CASPER, Wyo. — The Centers for Disease Control and Prevention and other agencies are investigating “a multistate outbreak of Salmonella Dublin infections linked to ground beef.”
As of Nov. 1, ten infection cases have been identified, including one death and eight hospitalizations.
The death was reported in California and at least three people in Colorado have contracted illnesses, the most cases found in any state:
“Of nine ill people with information available, eight (89%) were hospitalized, which is much higher than we would expect for Salmonella infections. The hospitalization rate is usually about 20%.”
Illnesses from the Samonella Dublin strain tend to be more severe since they can cause bloodstream infections, the CDC adds.
Symptoms for most people include:
- diarrhea, fever, and stomach cramps 12 to 72 hours after being exposed to the bacteria
- usually lasts 4 to 7 days, and most people recover without treatment
- Salmonella infection may spread from the intestines to the bloodstream and then to other places in the body
- Children younger than 5 years, adults 65 years and older, and people with weakened immune systems are more likely to have a severe illness
“Epidemiologic and laboratory evidence indicates that ground beef might be contaminated with Salmonella Dublin and is making people sick,” the CDC says. “At this time, the investigation has not identified a single, common supplier of ground beef.”
The CDC is not advising people or retailers to stop eating or serving fully cooked ground beef at this time.
They encourage people to follow these safety tips when consuming, handling, storing or cooking ground beef:
Handling ground beef:
-Keep raw meat separate from foods that won’t be cooked before eating.
-Wash your hands with soap and water for 20 seconds after touching raw meat and before touching other kitchen items.
-Thoroughly wash countertops, cutting boards, plates, and utensils with hot, soapy water or a bleach solution after they come in contact with raw meat or its juices, to avoid contaminating other foods and kitchen items.
Cooking ground beef:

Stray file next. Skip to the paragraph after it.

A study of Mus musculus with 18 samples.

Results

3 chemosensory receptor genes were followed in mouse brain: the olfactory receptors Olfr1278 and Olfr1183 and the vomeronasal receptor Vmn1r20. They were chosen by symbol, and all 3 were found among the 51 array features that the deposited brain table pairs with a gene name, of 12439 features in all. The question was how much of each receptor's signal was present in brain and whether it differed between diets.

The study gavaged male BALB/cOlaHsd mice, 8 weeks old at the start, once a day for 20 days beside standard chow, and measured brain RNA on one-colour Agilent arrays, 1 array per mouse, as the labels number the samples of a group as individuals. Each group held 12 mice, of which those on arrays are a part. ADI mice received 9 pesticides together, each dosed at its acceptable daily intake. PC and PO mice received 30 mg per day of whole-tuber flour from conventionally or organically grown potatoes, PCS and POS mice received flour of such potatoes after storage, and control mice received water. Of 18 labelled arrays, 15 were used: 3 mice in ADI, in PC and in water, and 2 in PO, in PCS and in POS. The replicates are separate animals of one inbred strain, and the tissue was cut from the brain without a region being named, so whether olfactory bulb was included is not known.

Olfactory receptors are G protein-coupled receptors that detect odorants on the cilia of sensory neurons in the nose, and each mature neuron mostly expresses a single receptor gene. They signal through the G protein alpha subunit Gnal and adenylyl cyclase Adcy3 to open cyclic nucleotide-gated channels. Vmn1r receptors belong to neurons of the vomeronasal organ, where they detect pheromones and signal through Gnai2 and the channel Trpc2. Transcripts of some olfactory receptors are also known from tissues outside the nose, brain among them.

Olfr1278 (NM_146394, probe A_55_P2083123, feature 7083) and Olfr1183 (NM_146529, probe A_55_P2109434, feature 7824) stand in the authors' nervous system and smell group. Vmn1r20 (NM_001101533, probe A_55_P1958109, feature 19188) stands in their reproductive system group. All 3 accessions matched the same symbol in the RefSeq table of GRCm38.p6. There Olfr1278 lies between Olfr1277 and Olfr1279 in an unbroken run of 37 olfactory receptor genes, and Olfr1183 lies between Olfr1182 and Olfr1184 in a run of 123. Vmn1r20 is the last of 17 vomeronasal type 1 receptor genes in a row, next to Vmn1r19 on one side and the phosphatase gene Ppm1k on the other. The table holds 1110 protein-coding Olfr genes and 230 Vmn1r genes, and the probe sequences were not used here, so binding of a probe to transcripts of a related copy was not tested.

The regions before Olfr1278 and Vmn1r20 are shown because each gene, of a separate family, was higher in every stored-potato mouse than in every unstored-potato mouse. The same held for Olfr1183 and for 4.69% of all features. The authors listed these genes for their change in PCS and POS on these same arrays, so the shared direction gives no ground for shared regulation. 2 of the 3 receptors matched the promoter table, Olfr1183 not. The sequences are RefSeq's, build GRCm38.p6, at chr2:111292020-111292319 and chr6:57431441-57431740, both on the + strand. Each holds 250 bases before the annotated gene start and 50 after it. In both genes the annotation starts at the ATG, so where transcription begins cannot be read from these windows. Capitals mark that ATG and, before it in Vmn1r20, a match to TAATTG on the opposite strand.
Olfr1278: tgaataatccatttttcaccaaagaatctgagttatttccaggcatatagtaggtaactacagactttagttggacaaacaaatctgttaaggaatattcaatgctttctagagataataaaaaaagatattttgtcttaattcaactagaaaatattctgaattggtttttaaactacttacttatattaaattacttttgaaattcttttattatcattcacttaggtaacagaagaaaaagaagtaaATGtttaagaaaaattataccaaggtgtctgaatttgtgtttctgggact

-Don’t eat raw or undercooked ground beef.
-Cook ground beef hamburgers and mixtures such as meatloaf to an internal temperature of 160°F. Use a food thermometerexternal icon to make sure the meat has reached a safe internal temperature. You can’t tell whether meat is safely cooked by looking at it.
-For hamburgers, insert the thermometer through the side of the patty until it reaches the middle.
-For foods such as meatloaf, place the thermometer in the thickest part of the meat.
-For casseroles and for sauces that contain ground beef, such as spaghetti sauce or sloppy joe sandwiches, check the temperature in several places.
-After cooking ground beef, refrigerate within 2 hours and use within 3 to 4 days.
-When ordering at a restaurant, ask that ground beef hamburgers and mixtures be cooked to an internal temperature of at least 160°F.
Storing ground beef:
-Refrigerate or freeze raw ground beef within 2 hours after purchase.
-If you refrigerate raw ground beef, use within 1 or 2 days.
Store ground beef in a plastic bag on the lowest shelf of your refrigerator.
-If you break large packages of ground beef into smaller packages for freezing:Wash your hands with soap and water for 20 seconds after touching the meat or its packaging, and before touching other surfaces.
-Use hot, soapy water to clean the area where you divided the ground beef, including kitchen counters and utensils.
-Label your packages with the date they were placed in the freezer and where you purchased the ground beef.
Thawing ground beef:CDC
-The best way to safely thaw ground beef is in the refrigerator. Cook or refreeze within 1 or 2 days.
The CDC says investigation into the outbreak is on-going and further information will be made public as it becomes available.